What are RA nodules?

RA nodules are one of the most common manifestations of RA that occurs outside of the joints. Features of the disease that occur outside of the joints are sometimes referred to as extra-articular. RA nodules can be associated with severe RA. Nodules develop under the skin (subcutaneously), typically in areas including the elbows, finger joints, wrist, hip, lower back, and Achilles tendon. However, they can occur internally in the tissue of the heart and lung as well. RA nodules are found in about 7% of patients at the time of initial diagnosis and affect about 30% of patients at some point during the disease.1

We are not certain why RA nodules develop. However, they are more common at pressure points in the body and may begin with trauma that occurs locally. They are usually painless and are thought to form in response to inflammation and are associated with the action of immune cells called helper T cells.1,2

 

Who is at risk for RA nodules?

Nodules mainly affect patients who have active disease, as reflected by an elevated level of rheumatoid factor (RF). In fact, about 40% of RA patients who are RF-positive also have nodules. They can occur in patients with less active disease. However, they are less common in this group. There is some evidence that smoking increases the risk for development of RA nodules, as well as other extra-articular manifestations of RA. Patients who have nodules early in the course of RA are at higher risk for developing more serious extra-articular manifestations later in the course of the disease.1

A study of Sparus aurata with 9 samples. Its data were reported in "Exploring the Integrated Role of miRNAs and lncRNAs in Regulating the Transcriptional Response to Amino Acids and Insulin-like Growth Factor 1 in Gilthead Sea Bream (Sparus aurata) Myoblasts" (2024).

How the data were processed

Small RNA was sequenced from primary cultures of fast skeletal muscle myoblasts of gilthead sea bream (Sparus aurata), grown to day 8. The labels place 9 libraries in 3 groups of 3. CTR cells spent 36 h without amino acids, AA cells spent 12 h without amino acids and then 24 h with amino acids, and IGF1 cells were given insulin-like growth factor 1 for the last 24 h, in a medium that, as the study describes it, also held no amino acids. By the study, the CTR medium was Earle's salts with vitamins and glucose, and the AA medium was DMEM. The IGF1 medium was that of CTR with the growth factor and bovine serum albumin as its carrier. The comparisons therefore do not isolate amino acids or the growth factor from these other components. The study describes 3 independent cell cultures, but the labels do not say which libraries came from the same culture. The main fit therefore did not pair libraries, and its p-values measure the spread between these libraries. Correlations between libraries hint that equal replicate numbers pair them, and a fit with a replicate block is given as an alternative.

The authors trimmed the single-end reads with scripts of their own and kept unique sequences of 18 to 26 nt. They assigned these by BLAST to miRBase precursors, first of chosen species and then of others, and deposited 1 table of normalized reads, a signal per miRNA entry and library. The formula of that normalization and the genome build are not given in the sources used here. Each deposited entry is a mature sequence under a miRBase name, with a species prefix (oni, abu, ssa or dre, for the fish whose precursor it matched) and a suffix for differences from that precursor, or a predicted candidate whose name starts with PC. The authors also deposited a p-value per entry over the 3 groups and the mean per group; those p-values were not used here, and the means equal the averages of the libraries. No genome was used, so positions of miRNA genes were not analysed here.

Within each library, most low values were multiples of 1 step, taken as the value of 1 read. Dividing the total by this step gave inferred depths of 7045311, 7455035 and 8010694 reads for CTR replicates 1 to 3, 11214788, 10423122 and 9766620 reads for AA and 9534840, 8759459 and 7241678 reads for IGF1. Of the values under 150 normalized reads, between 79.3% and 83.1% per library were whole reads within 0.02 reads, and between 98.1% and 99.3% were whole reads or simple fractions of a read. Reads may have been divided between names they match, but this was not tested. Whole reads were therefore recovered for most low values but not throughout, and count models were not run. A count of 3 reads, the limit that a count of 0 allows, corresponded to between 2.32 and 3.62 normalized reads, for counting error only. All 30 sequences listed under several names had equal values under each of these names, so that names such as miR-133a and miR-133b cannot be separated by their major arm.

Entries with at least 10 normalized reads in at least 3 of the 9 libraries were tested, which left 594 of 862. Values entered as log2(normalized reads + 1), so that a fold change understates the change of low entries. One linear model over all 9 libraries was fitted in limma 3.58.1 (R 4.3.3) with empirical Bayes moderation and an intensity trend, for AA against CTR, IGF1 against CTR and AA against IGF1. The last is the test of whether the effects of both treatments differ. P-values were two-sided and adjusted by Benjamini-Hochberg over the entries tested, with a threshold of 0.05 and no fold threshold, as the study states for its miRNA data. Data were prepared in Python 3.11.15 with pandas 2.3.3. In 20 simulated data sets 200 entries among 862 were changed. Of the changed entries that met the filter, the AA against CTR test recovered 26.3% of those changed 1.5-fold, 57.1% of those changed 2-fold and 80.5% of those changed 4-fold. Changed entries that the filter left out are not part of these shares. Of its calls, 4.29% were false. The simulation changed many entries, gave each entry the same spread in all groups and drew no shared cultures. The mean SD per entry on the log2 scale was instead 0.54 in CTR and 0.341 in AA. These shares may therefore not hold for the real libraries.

Will an RA nodule disappear?

Nodules may persist and enlarge, or they may shrink and disappear. They may also recur after disappearing for a period of time. It is difficult to predict how an individual RA nodule will behave.2

 

How can RA nodules be treated?

Most nodules pose only a cosmetic problem and, therefore, direct treatment is not necessary. RA nodules, as well as other extra-articular manifestations of the disease, will typically respond to conventional RA treatment, including disease-modifying anti-rheumatic drugs (DMARDS) that control inflammation. In the case of nodules that are subject to repeated trauma due to their location, affect normal motion, or are associated with deformity, surgical treatment (removal) may be used. Nodules should not be drained or injected due to the risk for infection. If a nodule becomes infected it must be removed and drained and the infection treated.2

 

Nodules associated with methotrexate treatment

Nodules can form as a complication of treatment with the DMARD methotrexate (MTX) or other drugs. This condition is sometimes referred to as accelerated rheumatoid nodulosis or ARN. ARN manifests as small nodules that form on the hands, feet, and ears of patients with RA who are receiving MTX treatment. In one study of MTX, 8% of RA patients who received MTX developed ARN. Nodules often shrink and disappear when MTX is discontinued. Other drugs associated with ARN include the immunosuppressive drugs azathioprine (Imuran), the DMARD leflunomide (Arava), and the TNF-inhibitor etanercept (Enbrel).2

Written by: Jonathan Simmons | Last reviewed: September 2013.